I don't give a shit about the dance-music scene. Dance clubs are miserably hot, the people who like them are obnoxious peacocks, and the bass-heavy music that plays inside them seems to be better at making you feel like you're being disemboweled than sparking a good time. (I do, however, have a soft spot for the club drugs and meeting women with daddy issues—even though it doesn't usually end well when I mix the two.)
I'd never go to a dance club on my own, nor would I call anyone up and say, "I could go for a good dance, you in?" The times that I have been dragged against my will by friends for obligatory wing-man duty, I pumped my body full of chemicals and resorted to a series of ironic "dance" gestures to get through the night. So naturally, when I heard about the short called Dance Music Now, I was predisposed to detest it with the same intensity I have for long lines to get into places that charge $25 for well drinks. Surprisingly, however, the short is really great and has nothing to do with shitty coke and "wubs." Instead, it's about feelings. Writer, director, and star Johan Jonason's short kicks off in the middle of an argument between a producer and a singer throwing ego-bruising insults as perfectly timed as the pop song they are failing to record.
The film delves deep into the neuroses at play between friends when one demands something of the other that they can't give. The filmmaker and cinematographer create a number of silent moments where expressive colors and blank-faced ancillary-music-producing extras heighten the tension of the friends as their egos do battle. Almost immediately their relationship is thrust on the line, and they kick and scream to stay on top. Dance Music Now captures more than people arguing about a pop song's integrity—through humor and discomfort, it explores man's internal anxiety regarding self-confidence and masculinity. Each man is too proud and too unwilling to move out onto that metaphorical dance floor, let loose, and take responsibility for who they are and what they're feeling. The short's darkly comic vulnerability is reminiscent of Todd Solondz’s films and is just as much of a pleasure to watch. In just eight minutes, Jonason incisively conveys the breakdown of a friendship and how being vulnerable and exposed can open the doors to something you never thought you could do.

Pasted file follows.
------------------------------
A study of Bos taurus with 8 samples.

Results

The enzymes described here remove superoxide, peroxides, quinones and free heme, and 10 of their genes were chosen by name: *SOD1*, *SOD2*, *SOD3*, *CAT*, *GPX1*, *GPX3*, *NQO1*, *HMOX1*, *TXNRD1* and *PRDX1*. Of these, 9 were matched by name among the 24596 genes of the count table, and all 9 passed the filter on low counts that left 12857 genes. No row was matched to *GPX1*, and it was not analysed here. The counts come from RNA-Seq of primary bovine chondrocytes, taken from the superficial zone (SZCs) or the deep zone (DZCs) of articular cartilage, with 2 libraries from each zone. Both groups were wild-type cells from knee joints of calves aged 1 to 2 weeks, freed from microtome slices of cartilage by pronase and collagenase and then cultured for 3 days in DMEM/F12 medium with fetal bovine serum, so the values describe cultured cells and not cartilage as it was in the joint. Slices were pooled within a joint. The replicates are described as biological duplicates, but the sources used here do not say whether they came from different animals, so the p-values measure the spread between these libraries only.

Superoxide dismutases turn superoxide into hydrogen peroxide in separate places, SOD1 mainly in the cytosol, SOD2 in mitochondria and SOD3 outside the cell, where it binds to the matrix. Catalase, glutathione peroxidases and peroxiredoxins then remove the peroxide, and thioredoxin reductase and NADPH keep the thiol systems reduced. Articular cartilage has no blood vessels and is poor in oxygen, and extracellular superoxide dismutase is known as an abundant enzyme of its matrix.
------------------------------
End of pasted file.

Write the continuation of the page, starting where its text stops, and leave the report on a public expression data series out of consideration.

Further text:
Dance Music Now was recently awarded with the Guldbagge for Best Short Film (the Swedish equivalent of an Academy Award) and previously won the Startsladden prize at the Göteborg International Film Festival, one of the most prestigious short film prizes in the world worth $158,000 US. Filmmaker Johan Jonason was born in 1970 in Stockholm. He has a BA in Fine Arts from Chelsea College of Art, London and an MA from KKH, Stockholm. His work includes the Guldbagge-nominated short film Terrible Boy and his 2009 feature film debut Guidance.
Jeffrey Bowers is a tall mustached guy from Ohio who's seen too many weird movies. He currently lives in Brooklyn, working as an art and film curator. He is a programmer at the Hamptons International Film Festival and screens for the Tribeca Film Festival. He also self-publishes a super fancy mixed-media art serial called PRISM index.